Field Service

How Corpus Christi Navigated Their Maze of Mobile Projects

When it comes to mobile technology, the city of Corpus Christi has a whole lot going on — probably more than most companies would be able to take on at once. But, don’t stop reading. While the city’s maze of mobile projects may be more than you could handle concurrently, its vision for technology — and the impact that technology has had on its operations — makes the city’s story an example anyone can benefit from.

Corpus Christi has a population of 305,000 across 147 square miles of land. There are 26 divisions within the city, with a variety of mobile crews employed to keep it running smoothly, including utilities crews; street crews; garbage crews; maintenance crews; inspectors; police, fire, and EMS crews; parks crews; and animal control officers. In total there are more than 1,500 mobile workers employed by Corpus Christi. The city is no stranger to technology. Significant investments in back office technology started in the 1980s with the city’s GIS from Esri and continued in the early 2000s with the deployment of Maximo, an asset management system from IBM that Corpus uses for its work orders. New to the city, however, are the steps it has taken to standardize practices across departments and take its back office technologies into the field. “We had invested for years in back office technologies, but we realized that making the same type of investment in the mobile workforce is where the payoff is now,” explains Michael Armstrong, CIO of the city of Corpus Christi.

Lack of Real-Time Communication Breeds Inefficiency

Before the city invested in Maximo for work order management, the method Corpus used to field incoming calls from residents of the city was not only unstructured, but there was also no consistency among departments. For instance, a resident may call the streets department with a complaint about a pothole and the dispatcher at the streets department would take a handwritten note and then page a streets crew worker and tell him to go fix the issue. In the recreation department, on the other hand, an issue may be reported directly to a city council member, who would then email the recreation department. The recreation department would call a member of the recreation crew and read the email to him over the phone.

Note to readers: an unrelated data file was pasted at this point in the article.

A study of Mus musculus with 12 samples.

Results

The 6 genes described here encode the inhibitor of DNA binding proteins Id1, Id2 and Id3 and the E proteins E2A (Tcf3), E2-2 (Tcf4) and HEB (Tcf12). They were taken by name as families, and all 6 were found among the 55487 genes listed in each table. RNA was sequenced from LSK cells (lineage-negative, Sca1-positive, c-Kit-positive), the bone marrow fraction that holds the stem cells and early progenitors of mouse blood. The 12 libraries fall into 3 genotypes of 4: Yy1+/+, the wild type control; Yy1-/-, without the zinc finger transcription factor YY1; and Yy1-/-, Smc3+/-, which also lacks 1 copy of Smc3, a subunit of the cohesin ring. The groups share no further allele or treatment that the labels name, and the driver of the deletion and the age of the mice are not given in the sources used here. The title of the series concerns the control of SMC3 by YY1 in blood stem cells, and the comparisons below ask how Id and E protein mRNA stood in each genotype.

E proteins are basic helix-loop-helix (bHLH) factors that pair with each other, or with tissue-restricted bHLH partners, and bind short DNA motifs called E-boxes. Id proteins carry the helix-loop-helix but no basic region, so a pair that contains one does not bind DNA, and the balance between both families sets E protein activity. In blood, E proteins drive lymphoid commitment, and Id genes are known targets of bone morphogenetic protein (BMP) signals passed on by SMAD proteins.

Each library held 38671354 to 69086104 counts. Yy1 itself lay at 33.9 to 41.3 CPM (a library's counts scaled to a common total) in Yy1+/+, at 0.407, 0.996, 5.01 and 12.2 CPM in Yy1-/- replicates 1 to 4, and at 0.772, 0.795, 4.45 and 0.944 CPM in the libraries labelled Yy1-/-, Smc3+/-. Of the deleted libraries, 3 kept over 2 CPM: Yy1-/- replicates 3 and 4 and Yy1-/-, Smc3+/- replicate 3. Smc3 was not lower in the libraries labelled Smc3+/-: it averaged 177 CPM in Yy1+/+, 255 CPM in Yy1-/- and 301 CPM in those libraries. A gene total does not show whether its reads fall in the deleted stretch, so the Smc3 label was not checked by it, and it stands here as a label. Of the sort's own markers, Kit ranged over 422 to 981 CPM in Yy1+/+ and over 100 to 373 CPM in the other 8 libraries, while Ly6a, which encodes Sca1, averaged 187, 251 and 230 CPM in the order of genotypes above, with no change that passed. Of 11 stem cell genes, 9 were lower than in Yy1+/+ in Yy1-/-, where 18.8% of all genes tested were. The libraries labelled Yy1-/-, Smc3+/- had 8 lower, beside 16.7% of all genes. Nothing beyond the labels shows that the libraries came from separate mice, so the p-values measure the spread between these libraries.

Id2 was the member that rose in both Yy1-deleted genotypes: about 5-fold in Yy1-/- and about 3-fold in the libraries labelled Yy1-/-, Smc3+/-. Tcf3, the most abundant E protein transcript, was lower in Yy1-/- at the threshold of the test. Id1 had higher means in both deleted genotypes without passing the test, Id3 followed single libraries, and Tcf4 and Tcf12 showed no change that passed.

“Working for local government is a lot like working for a very large conglomerate. We have 26 departments, each a separate company with a different line of business, but all under the same umbrella,” explains Armstrong. “It was frustrating to the residents, because to get something resolved they were often passed around from department to department, left to hope they’d get to the right place. We desperately needed structure.”

Besides the inconsistencies of the ad hoc approach, each system used was manual and very time-consuming. From Handwritten notes and lengthy emails to numerous pages and calls out to the field, valuable time was being wasted in each department. “There was a variety of ways complaints and requests were coming in — phone, email, the mailbox at City Hall, a call to the mayor, a note to a council member,” says Armstrong. “Further, once each department got a request, it was handled differently. Each department handled its dispatching and record keeping its own way — some effectively, some horribly — but all manual. We were always worried about the handoff of requests and the potential for them getting lost in the cracks and not addressed for months. It was a very haphazard system.”

To read the rest of this article, including which GIS and M2M solutions Corpus Christi went with, as well as the variety of mobile devices they chose to make it all happen, head over to Field Technologies Online (subscription required).